ROME, 20 November 2002 -- Recent progress in eradicating rinderpest - one of the world's most devastating livestock diseases - risks being reversed as the rinderpest virus threatens to break out of its last stronghold in northeastern Kenya and southern Somalia, the UN Food and Agriculture Organization warned today.

While human beings cannot catch rinderpest, by killing entire herds that belong to small-scale dairy farmers or tribal herders who depend utterly on cattle for their food and livelihoods, the highly infectious disease can kill humans just as surely -- by famine. Livelihoods based on cattle, buffaloes and yaks are at risk as is the wildlife heritage of Africa. In 1982-84, a rinderpest outbreak in Africa caused losses of US$2 billion.

Experts are increasingly confident that recent national eradication campaigns have freed three of the last remaining reservoirs of the virus - in Sudan, Pakistan and Yemen - of the disease. But while the virus persists in the southern part of the so-called Somali pastoral ecosystem, not only nearby areas of Africa are at risk from reinfection by the movement of cattle, but trade in cattle could carry the virus across the Red Sea to the Arabian Peninsula or, according to recent reports, even further afield to Southeast Asia.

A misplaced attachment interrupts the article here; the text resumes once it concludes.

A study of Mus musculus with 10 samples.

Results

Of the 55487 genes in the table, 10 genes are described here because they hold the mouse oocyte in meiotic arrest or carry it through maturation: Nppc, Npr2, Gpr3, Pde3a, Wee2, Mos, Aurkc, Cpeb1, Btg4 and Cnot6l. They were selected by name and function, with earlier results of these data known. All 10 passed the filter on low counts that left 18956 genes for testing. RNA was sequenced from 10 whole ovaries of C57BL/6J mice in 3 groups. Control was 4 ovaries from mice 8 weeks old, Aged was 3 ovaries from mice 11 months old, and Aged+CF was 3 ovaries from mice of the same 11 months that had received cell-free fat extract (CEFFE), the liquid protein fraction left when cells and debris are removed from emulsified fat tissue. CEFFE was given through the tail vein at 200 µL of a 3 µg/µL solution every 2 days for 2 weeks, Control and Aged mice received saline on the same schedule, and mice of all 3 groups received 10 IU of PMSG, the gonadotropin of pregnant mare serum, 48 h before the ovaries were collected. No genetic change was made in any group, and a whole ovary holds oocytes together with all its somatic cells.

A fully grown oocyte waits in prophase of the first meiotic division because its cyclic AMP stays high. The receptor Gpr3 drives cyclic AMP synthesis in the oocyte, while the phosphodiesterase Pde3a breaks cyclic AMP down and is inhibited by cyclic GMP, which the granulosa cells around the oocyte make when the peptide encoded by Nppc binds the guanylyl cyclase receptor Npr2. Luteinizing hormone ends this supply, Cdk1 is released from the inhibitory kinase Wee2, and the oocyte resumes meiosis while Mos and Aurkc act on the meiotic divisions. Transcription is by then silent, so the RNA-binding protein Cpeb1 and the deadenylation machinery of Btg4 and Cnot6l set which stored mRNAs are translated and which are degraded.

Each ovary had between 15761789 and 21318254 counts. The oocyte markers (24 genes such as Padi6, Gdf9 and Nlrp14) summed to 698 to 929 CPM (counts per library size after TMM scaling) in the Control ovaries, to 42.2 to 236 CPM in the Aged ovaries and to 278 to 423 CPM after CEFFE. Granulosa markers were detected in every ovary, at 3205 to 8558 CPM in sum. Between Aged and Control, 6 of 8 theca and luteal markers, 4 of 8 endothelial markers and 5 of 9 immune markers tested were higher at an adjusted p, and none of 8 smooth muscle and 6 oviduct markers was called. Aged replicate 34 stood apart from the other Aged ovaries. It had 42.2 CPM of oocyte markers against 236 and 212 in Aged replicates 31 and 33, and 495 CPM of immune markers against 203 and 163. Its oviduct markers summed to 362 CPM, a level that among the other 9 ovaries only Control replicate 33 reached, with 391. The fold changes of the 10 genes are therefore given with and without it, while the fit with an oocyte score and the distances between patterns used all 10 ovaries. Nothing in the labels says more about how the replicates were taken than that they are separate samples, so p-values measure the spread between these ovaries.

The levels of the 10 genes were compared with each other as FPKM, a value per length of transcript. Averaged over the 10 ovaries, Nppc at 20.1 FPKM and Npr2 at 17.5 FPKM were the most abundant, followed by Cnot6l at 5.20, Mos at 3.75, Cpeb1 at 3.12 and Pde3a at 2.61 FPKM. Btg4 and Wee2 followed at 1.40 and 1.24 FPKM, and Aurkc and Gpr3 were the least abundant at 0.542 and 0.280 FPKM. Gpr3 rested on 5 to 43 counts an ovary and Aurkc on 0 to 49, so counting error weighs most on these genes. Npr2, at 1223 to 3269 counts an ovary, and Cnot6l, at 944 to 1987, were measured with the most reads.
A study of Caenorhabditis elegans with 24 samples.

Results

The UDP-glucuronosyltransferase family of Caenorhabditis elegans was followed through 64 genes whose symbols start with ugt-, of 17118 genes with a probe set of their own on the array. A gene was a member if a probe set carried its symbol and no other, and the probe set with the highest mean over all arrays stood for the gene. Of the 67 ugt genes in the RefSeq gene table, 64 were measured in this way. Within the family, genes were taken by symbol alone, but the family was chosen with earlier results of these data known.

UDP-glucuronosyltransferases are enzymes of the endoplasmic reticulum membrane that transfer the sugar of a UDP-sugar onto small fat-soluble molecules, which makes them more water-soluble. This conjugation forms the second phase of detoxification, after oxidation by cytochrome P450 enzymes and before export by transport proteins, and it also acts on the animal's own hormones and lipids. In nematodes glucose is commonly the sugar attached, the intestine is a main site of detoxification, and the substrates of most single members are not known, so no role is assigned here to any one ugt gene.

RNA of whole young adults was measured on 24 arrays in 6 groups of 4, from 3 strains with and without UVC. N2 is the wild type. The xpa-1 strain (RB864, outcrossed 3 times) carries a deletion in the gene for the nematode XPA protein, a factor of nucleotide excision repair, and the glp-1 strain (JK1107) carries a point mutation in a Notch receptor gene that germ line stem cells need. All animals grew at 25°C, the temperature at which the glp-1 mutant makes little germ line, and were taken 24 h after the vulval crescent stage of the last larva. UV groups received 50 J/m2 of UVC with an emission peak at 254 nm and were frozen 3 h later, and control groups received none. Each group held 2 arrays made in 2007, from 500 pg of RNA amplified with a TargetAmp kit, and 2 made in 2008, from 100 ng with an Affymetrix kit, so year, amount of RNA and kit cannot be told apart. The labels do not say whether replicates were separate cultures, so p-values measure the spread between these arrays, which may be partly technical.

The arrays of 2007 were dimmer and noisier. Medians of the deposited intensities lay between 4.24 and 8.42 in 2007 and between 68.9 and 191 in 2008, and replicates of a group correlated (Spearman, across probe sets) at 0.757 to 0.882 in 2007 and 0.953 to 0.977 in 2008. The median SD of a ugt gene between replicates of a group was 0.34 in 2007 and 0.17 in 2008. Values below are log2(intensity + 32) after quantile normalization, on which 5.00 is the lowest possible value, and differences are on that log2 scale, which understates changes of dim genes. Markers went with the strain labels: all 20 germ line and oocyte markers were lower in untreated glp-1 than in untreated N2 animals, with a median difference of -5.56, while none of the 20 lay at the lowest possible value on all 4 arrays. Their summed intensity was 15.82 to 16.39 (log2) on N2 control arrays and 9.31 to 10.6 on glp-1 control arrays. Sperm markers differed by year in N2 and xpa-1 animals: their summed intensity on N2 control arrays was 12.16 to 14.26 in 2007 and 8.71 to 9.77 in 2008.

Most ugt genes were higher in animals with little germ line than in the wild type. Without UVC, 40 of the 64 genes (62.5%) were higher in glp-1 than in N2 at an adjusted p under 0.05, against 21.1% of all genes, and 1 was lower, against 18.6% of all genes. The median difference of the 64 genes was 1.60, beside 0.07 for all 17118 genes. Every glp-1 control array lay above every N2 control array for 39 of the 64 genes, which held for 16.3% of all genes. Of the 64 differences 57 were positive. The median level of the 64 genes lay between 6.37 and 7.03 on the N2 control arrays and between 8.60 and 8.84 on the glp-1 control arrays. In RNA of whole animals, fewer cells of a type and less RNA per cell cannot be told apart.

"The Somali pastoral ecosystem is our great challenge now," says Dr Peter Roeder, Secretary of the FAO Global Rinderpest Eradication Programme, which is working to eradicate the disease by 2010. "It is almost certainly the last refuge of the rinderpest virus in the world."

"The world is very vulnerable to a devastating resurgence of rinderpest should progress falter," warns Dr Roeder. "The virus has repeatedly broken out of the Somali ecosystem before and spread as far as eastern Kenya and into Tanzania, most recently in the mid 1990s, affecting cattle and killing wildlife. Recent reports that traders are arranging to start exporting cattle to Southeast Asia are also most disturbing. This raises fears that the virus may reinfect a part of the world free from the disease since the 1950s."

"It is quite possible to move viruses around the world with a few hundred animals. It has happened before," he says. "Less than 50 years ago the Rome zoo suffered a rinderpest outbreak from virus introduced with Somali antelopes."

An NGO coalition working for the Pan-African Programme for the Control of Epizootics in southern Somalia has provided valuable details of the extent of the area in which the virus has survived. FAO is now urging the international community to provide additional resources and intensify efforts to search for and destroy the virus where it is active, through targetted vaccination in Kenya and Somalia.

The virus must be eradicated by the end of 2003, followed by years of verification and virus containment, including steps such as destroying lab samples of the virus, for the goal of a Global Declaration of complete freedom from rinderpest to be realized on schedule by the end of 2010.

If all stakeholders seize the opportunity to work together with the Pan-African Programme for the Control of Epizootics of the African Union's Inter-African Bureau of Animal Resources, and FAO, the prospects are better now than ever before.